A man caught cultivating cannabis plants worth nearly €140,000 has been jailed for three years.
Stephen Kenny (44) of Belarmine Hall, Stepaside, Dublin pleaded guilty at Dublin Circuit Criminal Court to possession of cannabis for sale or supply and to cultivation of cannabis at Tomdarragh, Roundwood, Co Wicklow, on June 30, 2016.
He has six previous convictions, including a conviction for cultivation of cannabis.
Garda Brian Griffin told Noel Devitt BL, prosecuting, that enquiries by gardaí led to suspicions that cannabis was present at the address in Co Wicklow. The house was searched and cannabis plants were discovered along with cultivation equipment.
Gda Griffin said the total combined value of the cannabis plants, the plant materials and the cannabis herb found in the house was €139,140.
The owner of the house had not lived in it since December 2014 and had rented it out to a man on a short-term deal.
Kenny’s fingerprints matched prints that were found in the house.
Gda Griffin agreed with Giollaíosa Ó Lideadha SC, defending, that when the stalks were taken out of the plants, the value went down to around €30,000.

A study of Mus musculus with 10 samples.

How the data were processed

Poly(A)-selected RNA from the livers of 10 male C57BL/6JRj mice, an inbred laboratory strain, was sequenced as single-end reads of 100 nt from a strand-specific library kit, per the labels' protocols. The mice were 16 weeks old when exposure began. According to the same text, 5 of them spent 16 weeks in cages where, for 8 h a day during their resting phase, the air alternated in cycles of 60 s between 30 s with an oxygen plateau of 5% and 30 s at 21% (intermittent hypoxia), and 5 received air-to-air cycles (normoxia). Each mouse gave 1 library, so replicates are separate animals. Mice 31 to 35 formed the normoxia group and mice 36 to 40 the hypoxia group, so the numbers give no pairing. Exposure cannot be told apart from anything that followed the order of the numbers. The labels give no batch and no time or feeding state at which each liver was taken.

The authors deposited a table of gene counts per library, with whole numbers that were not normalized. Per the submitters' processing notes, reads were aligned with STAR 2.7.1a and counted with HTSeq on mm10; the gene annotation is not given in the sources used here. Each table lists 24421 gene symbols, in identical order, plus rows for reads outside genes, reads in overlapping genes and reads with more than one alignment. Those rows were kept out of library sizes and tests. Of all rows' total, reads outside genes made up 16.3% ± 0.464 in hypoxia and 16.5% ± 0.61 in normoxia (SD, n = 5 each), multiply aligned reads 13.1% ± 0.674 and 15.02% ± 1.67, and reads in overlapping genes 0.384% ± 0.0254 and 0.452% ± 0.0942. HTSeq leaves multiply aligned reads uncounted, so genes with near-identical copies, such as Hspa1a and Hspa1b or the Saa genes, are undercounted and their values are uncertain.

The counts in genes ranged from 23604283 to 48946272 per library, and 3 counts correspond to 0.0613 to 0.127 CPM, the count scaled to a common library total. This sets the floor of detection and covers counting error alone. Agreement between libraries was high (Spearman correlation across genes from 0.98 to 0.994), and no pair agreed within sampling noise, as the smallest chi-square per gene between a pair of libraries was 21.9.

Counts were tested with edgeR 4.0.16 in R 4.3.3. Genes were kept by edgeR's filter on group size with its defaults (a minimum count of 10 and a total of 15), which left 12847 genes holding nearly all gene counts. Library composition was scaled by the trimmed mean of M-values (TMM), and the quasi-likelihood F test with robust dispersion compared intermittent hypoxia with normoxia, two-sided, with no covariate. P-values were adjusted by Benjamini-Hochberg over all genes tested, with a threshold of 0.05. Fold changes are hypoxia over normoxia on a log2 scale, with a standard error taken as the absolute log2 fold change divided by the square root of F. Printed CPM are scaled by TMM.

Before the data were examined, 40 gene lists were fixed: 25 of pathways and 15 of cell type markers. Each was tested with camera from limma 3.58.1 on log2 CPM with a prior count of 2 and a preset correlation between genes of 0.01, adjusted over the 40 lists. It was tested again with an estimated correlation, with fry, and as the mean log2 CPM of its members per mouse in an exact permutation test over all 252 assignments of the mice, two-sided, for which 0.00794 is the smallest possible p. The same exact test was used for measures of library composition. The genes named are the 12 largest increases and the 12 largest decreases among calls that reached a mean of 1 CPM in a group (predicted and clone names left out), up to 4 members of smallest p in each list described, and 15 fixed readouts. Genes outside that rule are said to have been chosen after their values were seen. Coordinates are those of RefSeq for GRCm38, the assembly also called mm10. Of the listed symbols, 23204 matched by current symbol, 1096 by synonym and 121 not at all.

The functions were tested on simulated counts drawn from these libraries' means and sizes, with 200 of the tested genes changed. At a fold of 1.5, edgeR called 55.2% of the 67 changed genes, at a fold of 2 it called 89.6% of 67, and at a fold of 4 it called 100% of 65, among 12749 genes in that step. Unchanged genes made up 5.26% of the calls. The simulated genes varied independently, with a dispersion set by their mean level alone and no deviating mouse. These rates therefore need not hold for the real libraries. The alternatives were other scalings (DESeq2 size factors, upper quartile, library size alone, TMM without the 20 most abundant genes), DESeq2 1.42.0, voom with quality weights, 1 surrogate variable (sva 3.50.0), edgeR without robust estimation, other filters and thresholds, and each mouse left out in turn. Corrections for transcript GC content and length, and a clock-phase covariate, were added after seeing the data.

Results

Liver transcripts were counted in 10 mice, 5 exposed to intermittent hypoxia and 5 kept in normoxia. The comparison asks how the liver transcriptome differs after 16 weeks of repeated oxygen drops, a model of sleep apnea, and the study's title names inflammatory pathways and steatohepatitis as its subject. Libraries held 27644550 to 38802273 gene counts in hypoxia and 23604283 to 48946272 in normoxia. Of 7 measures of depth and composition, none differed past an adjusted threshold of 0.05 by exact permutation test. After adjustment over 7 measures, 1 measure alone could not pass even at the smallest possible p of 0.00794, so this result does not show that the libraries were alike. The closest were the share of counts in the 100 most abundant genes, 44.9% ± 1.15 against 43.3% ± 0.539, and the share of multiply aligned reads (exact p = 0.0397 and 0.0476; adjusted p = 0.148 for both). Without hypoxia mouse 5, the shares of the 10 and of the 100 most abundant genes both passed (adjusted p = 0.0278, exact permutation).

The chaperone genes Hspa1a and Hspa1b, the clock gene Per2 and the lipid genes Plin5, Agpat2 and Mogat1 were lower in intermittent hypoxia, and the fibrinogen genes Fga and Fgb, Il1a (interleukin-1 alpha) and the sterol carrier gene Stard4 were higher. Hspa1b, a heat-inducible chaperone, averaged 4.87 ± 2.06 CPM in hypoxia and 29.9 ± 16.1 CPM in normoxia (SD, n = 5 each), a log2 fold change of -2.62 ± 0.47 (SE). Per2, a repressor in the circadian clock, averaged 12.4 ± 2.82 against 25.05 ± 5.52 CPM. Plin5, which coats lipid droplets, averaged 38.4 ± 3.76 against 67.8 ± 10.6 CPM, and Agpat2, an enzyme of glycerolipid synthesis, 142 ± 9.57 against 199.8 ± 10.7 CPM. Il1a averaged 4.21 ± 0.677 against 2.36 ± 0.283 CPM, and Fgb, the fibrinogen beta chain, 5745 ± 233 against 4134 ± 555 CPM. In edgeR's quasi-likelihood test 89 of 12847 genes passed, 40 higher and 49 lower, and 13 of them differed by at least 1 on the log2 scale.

The garda told counsel that due to Kenny’s fingerprints being found at the scene and his previous conviction for cultivation, his assessment was that Kenny was running the operation “hands on”.
Gda Griffin said he had no knowledge of any “superiors” and there was no evidence to suggest that there was anyone above Kenny. He said he believed Kenny was both involved physically in the operation and profiting from it.
The court heard that the house was “destroyed” and that the cost to fix it was “substantial”.
Mr Ó Lideadha put it to the garda that his client had written in a letter of remorse that he had a drug debt due to his own drug use and was told that doing this would clear his debt.
The garda said he had no view one way or another and that he could not say if it was true that Kenny was being pressured.
Sentencing Kenny today, Judge Pauline Codd said that while Kenny had made a case that he was under pressure:
“There is no evidence of that”.
However, the judge accepted that he was a person with drug addiction problems at the time.
She said Kenny had an active role in the operation and had profited from it.
She said the high value of the drugs was an aggravating factor.
The judge took into account a number of mitigating factors including Kenny’s guilty plea and his family circumstances.
He is the father of five children, the court heard.
The judge handed down a five year sentence and suspended the final two years on a number of conditions.